FIU President Demands Changes to Emergency Alert Policy
MIAMI—It took more than 80 minutes for Florida International University (FIU) officials to notify students of the stabbing of a university football player—or that the killer still remained at large, according to a new report.
The report, submitted by FIU College of Law R. Alexander Acosta, said the March 25 slaying of Kendall Berry occurred no later than 9:03 that night. However, the school did not send out an audio or text message alert until 10:24 and 10:28, respectively, reports the Miami Herald.
The report says that by the time students received the message, the suspect, Quentin Wyche, had long fled the scene. Moreover, 4,600 of the nearly 22,000 students, faculty and staff who registered for emergency text messages did not receive the alert.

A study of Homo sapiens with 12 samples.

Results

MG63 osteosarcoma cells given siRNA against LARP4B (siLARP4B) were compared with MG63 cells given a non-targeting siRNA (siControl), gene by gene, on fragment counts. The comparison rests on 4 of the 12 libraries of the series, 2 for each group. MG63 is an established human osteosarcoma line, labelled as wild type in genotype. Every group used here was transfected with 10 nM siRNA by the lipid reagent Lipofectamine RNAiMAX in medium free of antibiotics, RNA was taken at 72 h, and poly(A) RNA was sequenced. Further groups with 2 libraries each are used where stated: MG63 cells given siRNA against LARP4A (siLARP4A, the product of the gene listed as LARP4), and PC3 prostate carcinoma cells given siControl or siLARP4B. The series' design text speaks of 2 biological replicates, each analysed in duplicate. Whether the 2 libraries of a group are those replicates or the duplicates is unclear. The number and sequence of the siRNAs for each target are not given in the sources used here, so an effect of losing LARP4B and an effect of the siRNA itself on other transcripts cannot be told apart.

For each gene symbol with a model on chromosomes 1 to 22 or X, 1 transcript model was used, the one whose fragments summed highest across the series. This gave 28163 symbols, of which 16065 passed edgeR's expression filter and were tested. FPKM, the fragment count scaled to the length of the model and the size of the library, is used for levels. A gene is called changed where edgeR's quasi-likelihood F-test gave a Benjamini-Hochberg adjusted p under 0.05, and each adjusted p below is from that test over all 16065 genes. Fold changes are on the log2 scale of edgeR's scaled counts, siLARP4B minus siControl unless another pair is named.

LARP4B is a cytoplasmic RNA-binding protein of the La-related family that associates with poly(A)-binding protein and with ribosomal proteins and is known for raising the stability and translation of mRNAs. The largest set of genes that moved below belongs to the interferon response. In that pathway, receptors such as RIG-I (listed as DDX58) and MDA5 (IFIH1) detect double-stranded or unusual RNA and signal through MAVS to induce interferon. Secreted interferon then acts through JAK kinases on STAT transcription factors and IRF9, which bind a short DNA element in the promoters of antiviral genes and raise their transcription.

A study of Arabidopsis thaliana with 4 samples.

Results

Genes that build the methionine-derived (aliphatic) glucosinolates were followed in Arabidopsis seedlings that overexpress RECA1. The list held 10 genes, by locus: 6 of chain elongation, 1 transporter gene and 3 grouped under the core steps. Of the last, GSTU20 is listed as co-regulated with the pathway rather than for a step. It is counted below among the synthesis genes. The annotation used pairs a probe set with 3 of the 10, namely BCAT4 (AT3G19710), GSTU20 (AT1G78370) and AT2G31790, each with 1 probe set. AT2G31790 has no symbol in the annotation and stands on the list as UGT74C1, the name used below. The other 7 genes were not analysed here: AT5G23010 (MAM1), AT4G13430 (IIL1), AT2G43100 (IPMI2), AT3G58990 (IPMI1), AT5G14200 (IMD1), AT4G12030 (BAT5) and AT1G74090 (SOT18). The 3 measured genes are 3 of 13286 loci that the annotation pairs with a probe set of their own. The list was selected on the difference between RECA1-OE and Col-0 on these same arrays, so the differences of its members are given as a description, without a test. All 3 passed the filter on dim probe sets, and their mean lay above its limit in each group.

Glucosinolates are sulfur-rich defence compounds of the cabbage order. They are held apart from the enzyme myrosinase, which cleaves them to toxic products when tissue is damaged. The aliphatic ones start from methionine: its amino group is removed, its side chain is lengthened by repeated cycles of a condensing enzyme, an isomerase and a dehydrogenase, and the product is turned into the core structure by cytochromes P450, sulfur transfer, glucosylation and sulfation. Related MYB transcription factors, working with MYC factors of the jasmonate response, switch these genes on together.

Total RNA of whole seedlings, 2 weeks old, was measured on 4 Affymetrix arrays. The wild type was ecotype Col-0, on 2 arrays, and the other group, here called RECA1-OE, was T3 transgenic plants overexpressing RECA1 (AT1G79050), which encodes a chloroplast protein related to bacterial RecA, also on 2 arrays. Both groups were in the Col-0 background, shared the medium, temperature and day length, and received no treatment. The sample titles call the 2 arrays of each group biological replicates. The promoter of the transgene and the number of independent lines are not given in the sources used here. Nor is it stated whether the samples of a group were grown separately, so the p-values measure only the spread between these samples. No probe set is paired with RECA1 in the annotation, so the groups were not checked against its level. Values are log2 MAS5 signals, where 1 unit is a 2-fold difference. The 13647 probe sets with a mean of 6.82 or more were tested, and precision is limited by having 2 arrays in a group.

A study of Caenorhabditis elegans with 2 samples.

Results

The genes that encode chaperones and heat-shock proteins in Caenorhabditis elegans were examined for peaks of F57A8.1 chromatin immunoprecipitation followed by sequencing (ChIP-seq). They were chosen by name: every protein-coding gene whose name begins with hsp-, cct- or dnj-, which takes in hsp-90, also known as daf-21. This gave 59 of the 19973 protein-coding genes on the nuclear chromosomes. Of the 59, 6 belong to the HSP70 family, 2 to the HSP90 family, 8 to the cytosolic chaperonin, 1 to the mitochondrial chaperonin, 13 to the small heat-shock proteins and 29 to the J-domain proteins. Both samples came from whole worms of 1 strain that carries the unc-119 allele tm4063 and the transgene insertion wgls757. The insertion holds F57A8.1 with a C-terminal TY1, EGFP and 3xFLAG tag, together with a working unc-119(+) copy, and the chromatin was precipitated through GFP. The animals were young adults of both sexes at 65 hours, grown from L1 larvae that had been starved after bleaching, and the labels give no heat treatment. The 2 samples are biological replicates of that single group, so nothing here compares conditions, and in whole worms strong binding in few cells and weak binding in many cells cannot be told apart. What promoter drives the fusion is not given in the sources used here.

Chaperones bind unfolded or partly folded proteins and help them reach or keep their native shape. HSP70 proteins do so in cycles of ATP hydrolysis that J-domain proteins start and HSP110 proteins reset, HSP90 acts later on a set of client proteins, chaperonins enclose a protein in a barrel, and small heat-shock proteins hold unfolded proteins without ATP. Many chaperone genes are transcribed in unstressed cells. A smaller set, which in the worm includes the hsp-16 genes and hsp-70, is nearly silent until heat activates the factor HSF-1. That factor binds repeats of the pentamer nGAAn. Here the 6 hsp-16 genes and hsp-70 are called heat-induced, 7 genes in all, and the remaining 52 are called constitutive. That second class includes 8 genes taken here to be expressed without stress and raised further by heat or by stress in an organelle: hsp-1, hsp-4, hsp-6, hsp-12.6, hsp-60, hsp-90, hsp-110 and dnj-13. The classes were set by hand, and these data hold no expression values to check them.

Wyche, who turned himself in March 26, is suspected of stabbing the 22-year-old Berry in the chest with an eight-inch pair of scissors. He has been charged with second-degree murder, although his attorney maintains he acted in self defense.
As a result of the report, FIU President Mark Rosenberg has demanded specific changes to the school’s emergency management/alert systems including:
- Identifying potential emergencies and drafting messages in advance that could be sent out quickly and with minimal levels of authorization
- Determining the cause of the failed text messages and conducting an immediate review of their effectiveness after each future use
- Implementing a policy in which all members of the university community are signed up to receive those texts
- Developing an emergency notification call list with a clear chain.
The changes are to be implemented no later than June 1, which is the start of hurricane season.